When the time comes and we find ourselves in the market for a new battery charger for our cars, we are not short of options. There are plenty of manufacturers putting out great models that will suit the needs of many vehicle owners. However, battery chargers do come with different features and a mix of good and bad points, which you’ll need to weigh up when making your choice. In this article, we’ll look at some of the recommended aspects of battery chargers, which will hopefully help you reach a decision.
Functions of a Battery Charger
OK, so let us now look at the different functions of a car battery charger. Not all battery chargers have the same functions, so it is important to make sure you are selecting one that meets your actual needs based on how you will be charging your car. With this in mind, chargers have three main functions.
First up, there is Maintenance charging. You may sometimes find Maintenance charging described as ‘trickle’ charging, as it sends just a small amount of electricity to the battery to keep it healthy, a good solution if your car is being stored for long periods of time.
Conventional charging is another function found on battery chargers. How this method works, is that it sends power to your battery to charge it up from just using a low amount of power. On average it will take 6-24 hours to complete this cycle, and this will usually result in around a 10 hour wait to charge from empty to full.
After Conventional charging, there is the Engine Start function, or as it is often name the Jump Start. This kind of charge will be able to automatically get your vehicle powered up for use. However, this method will require a lot more power behind it to work, so therefore this is a function more likely to be found on a more heavy duty charger.
The Size of a Battery Charger
OK, so you know what functions you require your battery charger to have. You need to also consider the size of your car battery charger (as in how many amp hours your battery stores, not physical size). This is because the bigger the size of your engine, the bigger the battery, so, therefore, the bigger the charger! Before buying that charger, do make sure it is suitable for the size of your vehicle’s engine.
You also need to choose your charger based on the battery your car uses. If you have a lead acid battery then that should work with all kinds of battery chargers as long as they’re suitable overall. If, however, your car has start/stop technology then you’ll have an AGM or EB battery and you will need a smart charger (see below). A conventional charger is not suitable for these battery types.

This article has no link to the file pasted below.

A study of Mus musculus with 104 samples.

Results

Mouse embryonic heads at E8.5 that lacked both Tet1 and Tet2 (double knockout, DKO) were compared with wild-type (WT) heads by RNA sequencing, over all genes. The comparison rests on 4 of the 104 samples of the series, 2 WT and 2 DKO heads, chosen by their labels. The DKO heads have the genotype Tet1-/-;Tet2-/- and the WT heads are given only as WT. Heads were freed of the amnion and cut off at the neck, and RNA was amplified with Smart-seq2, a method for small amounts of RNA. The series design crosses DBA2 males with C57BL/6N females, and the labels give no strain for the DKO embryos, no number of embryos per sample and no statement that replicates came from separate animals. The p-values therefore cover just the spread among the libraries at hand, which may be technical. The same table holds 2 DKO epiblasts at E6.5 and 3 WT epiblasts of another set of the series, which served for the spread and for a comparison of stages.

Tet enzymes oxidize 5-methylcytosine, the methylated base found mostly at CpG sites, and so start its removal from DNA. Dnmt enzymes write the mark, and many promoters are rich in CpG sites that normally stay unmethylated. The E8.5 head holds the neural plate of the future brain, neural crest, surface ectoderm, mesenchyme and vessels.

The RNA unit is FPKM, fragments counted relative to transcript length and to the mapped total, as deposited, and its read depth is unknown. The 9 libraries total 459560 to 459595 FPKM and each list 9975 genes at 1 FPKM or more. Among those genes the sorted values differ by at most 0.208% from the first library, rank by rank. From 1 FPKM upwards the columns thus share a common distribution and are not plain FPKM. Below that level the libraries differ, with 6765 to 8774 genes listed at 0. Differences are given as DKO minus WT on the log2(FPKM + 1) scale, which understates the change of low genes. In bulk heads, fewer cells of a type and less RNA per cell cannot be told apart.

For not usually too much more money then a standard charger we have the Smart charger option. These chargers can be used for both charging your battery and long-term connection for maintenance charging. What is handy is that they are able to automatically detect the fastest charging mode and then switch to the trickle mode mentioned above when the battery is full. This takes away the risk of over-charging and indeed damaging your battery.
Here are a couple more things to throw your way when researching the best charger for your purposes. You can purchase a Multi-Voltage Input charger, which are for use when you visit a foreign country. For example, some people may need a charger which they are able to operate on both American 115 volts AC as well as the European 220 volts AC, and there is a whole range of Multi-Voltage Input chargers available to offer this.
If you expect to be facing the elements, then you may like to select a waterproof charger, which again is readily available from many stockists.
You may also consider Multi-bank chargers, which would allow you to charge multiple batteries simultaneously, and finally, there are also chargers to look out for which can double as power supplies for RV use.